October 3-9, 2001 By Jack Holland.The US administration is moving rapidly to contain what is now emerging as a major diplomatic embarrassment after the U.S. Ambassador to Ireland Richard Egan, was pictured shaking hands with Joe Cahill, a leading member of the IRA who was convicted of running guns from Libya to Ireland.
Egan met Cahill, a founding member of the Provisional IRA, and a man regarded as the movement’s original link to Libyan strongman Col. Muammar Gaddafi, at the Sinn Fein Ard Fheis last weekend.
The meeting came as the U.S. administration was gearing up to build a coalition for its war on international terrorism, following the attacks on New York and Washington by Moslem fundamentalists.
Attempts to portray the meeting as proof that the U.S. administration was taking a “benign” view of recent allegations that the IRA had links to a Colombian terrorist organization FARC have been rebuffed by a States Department spokesman.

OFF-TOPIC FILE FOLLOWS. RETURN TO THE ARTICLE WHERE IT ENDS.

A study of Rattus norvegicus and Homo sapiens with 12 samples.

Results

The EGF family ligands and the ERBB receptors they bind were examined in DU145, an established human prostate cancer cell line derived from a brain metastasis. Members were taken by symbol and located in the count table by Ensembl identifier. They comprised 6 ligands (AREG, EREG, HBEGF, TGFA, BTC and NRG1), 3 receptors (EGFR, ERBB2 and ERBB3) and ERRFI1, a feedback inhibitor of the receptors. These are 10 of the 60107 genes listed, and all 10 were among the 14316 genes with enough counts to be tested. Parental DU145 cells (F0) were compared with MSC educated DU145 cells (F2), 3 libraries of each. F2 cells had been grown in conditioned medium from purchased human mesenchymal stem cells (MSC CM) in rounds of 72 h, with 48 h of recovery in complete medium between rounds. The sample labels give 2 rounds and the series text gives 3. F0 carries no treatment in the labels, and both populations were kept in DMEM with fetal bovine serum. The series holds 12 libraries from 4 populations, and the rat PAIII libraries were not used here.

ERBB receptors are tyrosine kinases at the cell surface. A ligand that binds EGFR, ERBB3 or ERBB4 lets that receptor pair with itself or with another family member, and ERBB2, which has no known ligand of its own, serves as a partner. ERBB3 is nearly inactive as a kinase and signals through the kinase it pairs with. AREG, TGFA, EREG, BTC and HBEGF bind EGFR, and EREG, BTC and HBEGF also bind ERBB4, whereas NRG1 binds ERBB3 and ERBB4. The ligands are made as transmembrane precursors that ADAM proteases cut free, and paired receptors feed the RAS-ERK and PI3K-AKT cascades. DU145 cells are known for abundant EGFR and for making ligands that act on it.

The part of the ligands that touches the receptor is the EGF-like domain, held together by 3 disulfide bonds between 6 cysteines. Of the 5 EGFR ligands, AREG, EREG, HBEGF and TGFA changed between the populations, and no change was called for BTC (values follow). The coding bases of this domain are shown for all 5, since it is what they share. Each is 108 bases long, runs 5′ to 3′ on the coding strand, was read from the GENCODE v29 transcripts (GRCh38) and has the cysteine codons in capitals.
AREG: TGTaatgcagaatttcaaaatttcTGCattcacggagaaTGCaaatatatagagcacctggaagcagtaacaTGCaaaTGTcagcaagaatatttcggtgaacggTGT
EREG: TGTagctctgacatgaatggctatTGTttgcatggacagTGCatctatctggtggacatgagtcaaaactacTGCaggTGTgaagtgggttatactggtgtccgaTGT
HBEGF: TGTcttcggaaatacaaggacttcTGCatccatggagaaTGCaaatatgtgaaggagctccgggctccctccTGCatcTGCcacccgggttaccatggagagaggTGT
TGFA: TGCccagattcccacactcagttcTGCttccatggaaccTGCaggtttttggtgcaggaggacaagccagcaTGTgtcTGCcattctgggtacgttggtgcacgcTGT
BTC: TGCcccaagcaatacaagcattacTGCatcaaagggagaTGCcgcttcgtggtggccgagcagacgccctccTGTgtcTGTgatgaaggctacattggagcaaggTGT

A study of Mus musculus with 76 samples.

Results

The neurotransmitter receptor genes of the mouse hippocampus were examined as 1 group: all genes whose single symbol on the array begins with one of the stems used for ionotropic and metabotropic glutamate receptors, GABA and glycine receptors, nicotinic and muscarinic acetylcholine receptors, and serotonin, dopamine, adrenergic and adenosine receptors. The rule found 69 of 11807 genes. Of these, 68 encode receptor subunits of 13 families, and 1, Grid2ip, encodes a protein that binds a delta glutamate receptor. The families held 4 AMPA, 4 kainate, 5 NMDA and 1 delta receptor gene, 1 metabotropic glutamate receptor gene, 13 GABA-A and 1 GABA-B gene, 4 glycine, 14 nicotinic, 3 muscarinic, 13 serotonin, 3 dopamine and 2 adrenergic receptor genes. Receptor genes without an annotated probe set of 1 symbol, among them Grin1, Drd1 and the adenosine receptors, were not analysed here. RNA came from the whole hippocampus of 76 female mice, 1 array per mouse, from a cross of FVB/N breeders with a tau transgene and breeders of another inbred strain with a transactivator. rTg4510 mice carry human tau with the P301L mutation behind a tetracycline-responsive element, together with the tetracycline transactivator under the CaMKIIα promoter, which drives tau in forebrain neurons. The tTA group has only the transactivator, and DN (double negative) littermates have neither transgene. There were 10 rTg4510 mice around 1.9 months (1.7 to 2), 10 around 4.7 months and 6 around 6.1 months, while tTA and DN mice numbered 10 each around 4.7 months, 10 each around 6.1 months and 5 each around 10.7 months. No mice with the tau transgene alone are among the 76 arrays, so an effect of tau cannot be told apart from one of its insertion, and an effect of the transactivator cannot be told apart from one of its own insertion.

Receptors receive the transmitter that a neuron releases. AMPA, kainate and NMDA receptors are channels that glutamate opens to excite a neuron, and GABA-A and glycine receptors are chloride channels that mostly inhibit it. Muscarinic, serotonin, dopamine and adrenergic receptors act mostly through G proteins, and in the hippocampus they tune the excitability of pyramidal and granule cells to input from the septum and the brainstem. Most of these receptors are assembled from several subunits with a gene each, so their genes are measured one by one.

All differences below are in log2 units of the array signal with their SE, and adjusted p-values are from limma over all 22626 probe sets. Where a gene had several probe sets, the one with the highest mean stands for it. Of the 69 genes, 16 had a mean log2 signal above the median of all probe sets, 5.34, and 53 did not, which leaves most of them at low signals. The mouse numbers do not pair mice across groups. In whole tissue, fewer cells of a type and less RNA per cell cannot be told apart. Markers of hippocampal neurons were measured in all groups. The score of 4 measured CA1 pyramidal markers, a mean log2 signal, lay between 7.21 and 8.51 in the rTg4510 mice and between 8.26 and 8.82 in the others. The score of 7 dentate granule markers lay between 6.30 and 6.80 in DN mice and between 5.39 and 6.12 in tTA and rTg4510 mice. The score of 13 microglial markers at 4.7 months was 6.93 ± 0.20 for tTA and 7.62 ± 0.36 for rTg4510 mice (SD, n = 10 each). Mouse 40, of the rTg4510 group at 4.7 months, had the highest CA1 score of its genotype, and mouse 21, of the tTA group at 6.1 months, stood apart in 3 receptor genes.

He said that the administration would be “very concerned” if the allegations were true. FARC has been waging a war against the U.S.-backed Colombian government, and has powerful ties to drug traffickers.
A spokesman said that is was “incorrect” to say the ambassador’s visit to the Sinn Fein conference was a sign that the US viewed the allegations benignly. He referred back to State Department envoy Richard Haas’ statement that if proven these allegations would have “serious consequences” for the Bush administration’s attitude to Sinn Fein and the IRA.
Egan is a former businessman from Massachusetts who was the founder and CEO of EMC, a computer data storage company. He resigned this position when his ambassadorial appointment was confirmed.
Cahill is one of the most prominent members of the Provisional IRA and a long-time member of its governing body, the Army Council. In 1972 he was believed to have been involved in smuggling rockets from Libya into Ireland. In March 1973 he was arrested with a huge shipment of Libyan weapons.
After his release from prison, he was known to be a frequent clandestine visitor to the US where he met republican fund-raisers and gun-runners.